ATHENS — They’re not the same, really. Nick Chubb doesn’t have any tattoos. Sony Michel has a few. Chubb wears his hair short. Michel wears it high. And their backgrounds could not be more dissimilar.
“He’s from Miami, the big city,” Chubb said. “I’m from a small town (Cedartown, in west Georgia) you never heard of.”
But Chubb and Michel are linked now, and they could be for a while, for the simple reason that they are both freshman tailbacks at the Georgia. Two years ago, a pair of tailbacks arrived together in Athens, and Todd Gurley and Keith Marshall became stars. Two years later, Chubb and Michel arrived, and the comparisons came quick and often.
“They honestly kind of remind me of Keith and Todd when they first got here,” senior quarterback Hutson Mason said.
Georgia can only hope that this latest tandem has the same impact. But here’s the thing: The way these two got to Athens differs greatly from the previous star tailback tandem.
Gurley and Marshall are both from North Carolina. While not quite coordinating, they were also good friends and talked often during the recruiting process. Chubb and Michel, on the other hand, didn’t meet until they played together in a high school all-star game. Even then they didn’t stay in contact until arriving at Georgia this summer.
Since then they’ve become closer, rooming together, and bonding over the shared experiences on and off the field.
“I’m the snorer,” Chubb said.
It didn’t long to make an impression on teammates. Chubb’s weight room exploits were quickly legendary, confirming what people saw in a viral Twitter photo of Chubb leaping about five feet in the air — from a standing position.
“I’ve done that every track meet, but everybody saw it at states,” Chubb said.
Everyone naturally will wonder how they compare as running backs, so let’s get this out of the way. Chubb and Gurley are more similar, both being physical runners, while Michel and Marshall are more likely to use their speed and agility.
Mason summed it up this way by saying, “Chubb’s a real hard, downhill runner. Sony’s a bit different, real versatile, has great balance. We plan on using him in some different ways this year.”
The problem for Chubb and Michel — if it is a problem — is that Gurley and Marshall aren’t two legends of the past. They’re still on the team, with two years of eligibility, although it would be a shock if Gurley uses the second one.
But much like Gurley and Marshall in 2012, these two freshmen were unafraid of the depth chart when they decided to become Bulldogs.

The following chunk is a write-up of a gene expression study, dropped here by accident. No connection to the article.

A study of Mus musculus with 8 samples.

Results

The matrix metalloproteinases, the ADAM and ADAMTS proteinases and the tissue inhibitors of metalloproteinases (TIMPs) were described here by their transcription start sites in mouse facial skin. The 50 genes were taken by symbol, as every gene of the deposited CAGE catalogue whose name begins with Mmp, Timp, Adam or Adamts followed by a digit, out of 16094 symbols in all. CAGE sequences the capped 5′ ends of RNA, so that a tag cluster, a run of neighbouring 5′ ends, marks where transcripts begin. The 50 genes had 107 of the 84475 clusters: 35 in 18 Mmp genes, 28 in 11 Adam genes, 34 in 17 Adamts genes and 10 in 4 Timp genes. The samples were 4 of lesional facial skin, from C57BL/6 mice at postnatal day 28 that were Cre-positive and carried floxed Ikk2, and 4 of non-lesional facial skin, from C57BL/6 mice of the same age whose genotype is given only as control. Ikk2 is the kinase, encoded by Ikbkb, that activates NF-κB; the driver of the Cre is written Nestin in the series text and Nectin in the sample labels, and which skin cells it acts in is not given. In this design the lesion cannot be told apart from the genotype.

“I looked into the present, of what’s here now,” Michel said. “Todd and Keith, they’re here now, and if I was to come in they would push me to the maximum of my ability.”
“Sony was a five-star on ESPN coming in. I knew it was gonna be tough, coming in here to fight,” Chubb said. “But it’s making me a better back right now. I can see it. I’m doing stuff I never have before, and I’m feeling very good about myself.”
They also aren’t either embracing or distancing themselves from the Gurley-Marshall comparisons.
“That’s not really something we get into, me and Nick,” Michel said. “We try to do our thing, get better every day.”
Michel said he has been playing on most special teams, including punt and kick return. Isaiah McKenzie, his high school classmate at American Heritage in Fort Lauderdale, Florida, also has been put in that return spot.
Chubb was the leading rusher in Georgia’s first preseason scrimmage, but he also fumbled once. Let the record show that Georgia didn’t announce that after the scrimmage — Chubb did during his media session Monday.
On most days, the two have been trading spots on the depth chart, which at this point is fourth and fifth team. Besides Gurley and Marshall, there’s also sophomore Brendan Douglas. But Chubb and Michel are going to make it hard for Georgia to sit them.
Neither player would say they expect to play this year, saying it that up to the coaches.
“It would be OK (to redshirt),” Michel said. “Whatever helps the team the best.”
But teammates are convinced otherwise, including freshman receiver Shakenneth Williams, a former Rutland standout.
“Pretty talented guys. They learn from each other, which is a great thing. No animosity,” he said. “Both of them will see the field this year.”